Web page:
Chicago’s Wrigley Field turns 100 years old this year. To many neighbors and architectural historians, however, the ballpark’s centennial celebrations are an afterthought to the real action: the years-long debate over how to update the landmark park without corrupting its beloved 1914 character.
At a community meeting Monday, Lakeview residents expressed concern over proposals including five new outfield signs and two video scoreboards. The plan goes to the Landmarks Commission on Thursday, but local Alderman Tom Tunney said he will not support it.
In 2013 Chicago’s Landmarks Commission laid out guidelines for Wrigley upgrades, which its owners and operators maintain are necessary to help pay off structural renovations and modernize the country’s second-oldest ballpark. But opposition has been strong from wary neighbors and the owners of adjacent rooftops, who say new signage will kill their business renting out their ersatz outfield seats. The plan debuted this week differs from the blueprint approved by Landmarks last year.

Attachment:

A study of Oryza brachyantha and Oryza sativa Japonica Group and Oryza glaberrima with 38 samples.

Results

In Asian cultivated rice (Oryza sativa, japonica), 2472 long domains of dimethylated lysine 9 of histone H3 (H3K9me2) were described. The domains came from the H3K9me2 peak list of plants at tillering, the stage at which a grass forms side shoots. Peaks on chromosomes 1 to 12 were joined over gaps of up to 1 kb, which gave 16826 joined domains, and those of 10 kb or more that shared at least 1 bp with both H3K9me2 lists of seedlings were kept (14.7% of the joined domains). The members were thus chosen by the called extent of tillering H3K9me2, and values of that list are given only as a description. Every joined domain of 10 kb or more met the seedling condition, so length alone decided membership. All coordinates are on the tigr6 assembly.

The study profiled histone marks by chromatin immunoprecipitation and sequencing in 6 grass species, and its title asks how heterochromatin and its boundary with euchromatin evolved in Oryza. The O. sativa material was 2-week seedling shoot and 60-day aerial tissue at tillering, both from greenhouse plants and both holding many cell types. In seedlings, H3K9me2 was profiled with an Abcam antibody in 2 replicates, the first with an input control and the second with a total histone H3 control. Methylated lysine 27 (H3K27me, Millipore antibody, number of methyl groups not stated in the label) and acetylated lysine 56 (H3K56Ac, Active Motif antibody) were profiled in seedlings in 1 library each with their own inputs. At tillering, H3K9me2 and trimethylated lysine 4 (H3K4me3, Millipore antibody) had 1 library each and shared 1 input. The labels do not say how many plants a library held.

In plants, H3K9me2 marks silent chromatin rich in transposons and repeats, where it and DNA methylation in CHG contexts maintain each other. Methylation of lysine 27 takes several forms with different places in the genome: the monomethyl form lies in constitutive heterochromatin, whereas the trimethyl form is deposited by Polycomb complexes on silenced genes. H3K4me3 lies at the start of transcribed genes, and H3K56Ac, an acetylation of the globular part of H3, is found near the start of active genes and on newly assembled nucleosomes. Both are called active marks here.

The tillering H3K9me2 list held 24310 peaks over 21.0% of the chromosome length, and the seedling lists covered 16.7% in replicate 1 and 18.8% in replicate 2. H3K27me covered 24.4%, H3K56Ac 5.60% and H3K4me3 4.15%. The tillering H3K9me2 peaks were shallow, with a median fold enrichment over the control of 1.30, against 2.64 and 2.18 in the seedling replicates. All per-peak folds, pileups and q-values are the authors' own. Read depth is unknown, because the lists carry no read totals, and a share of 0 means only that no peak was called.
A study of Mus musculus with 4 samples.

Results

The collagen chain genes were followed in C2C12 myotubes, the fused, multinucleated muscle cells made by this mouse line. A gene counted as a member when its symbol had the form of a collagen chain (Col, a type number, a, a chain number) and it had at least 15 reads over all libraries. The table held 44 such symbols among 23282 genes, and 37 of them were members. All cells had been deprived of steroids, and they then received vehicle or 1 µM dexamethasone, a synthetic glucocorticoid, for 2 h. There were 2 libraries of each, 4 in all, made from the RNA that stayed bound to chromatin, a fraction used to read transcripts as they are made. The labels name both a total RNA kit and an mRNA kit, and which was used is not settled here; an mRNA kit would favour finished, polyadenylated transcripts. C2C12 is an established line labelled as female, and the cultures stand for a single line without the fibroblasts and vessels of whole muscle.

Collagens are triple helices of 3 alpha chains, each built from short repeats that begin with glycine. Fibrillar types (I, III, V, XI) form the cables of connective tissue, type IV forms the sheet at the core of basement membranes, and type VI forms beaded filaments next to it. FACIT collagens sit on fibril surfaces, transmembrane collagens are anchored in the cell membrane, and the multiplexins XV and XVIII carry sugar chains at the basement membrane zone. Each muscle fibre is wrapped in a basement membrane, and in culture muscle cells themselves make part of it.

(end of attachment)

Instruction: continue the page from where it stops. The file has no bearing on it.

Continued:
Repeated delays and neighborhood opposition have scuttled plans from owner Tom Ricketts to add a Starwood hotel, 40,000-square-foot gym and open-air plaza in the areas surrounding Wrigley Field.
Residents of Wrigleyville now face a dilemma: call Ricketts’ bluff over moving the team to suburban Rosemont, risking the loss of an economic engine, or cave on design guidelines they say are necessary to preserve the character and livelihood of their prosperous North Side community.
Unsuccessful bids for development around Wrigley Field go back years. In 2010 developers proposed a mixed-use complex wrapping around the southeast corner of Clark and Addison Streets that never happened.
Last year AN contributor Edward Lifson hosted a discussion at Moe’s Cantina in Chicago with Elva Rubio, Bill Savage, Dan Meis, and Jonathan Eig “to discover why design matters (even if it might not help the Cubs win the World Series).”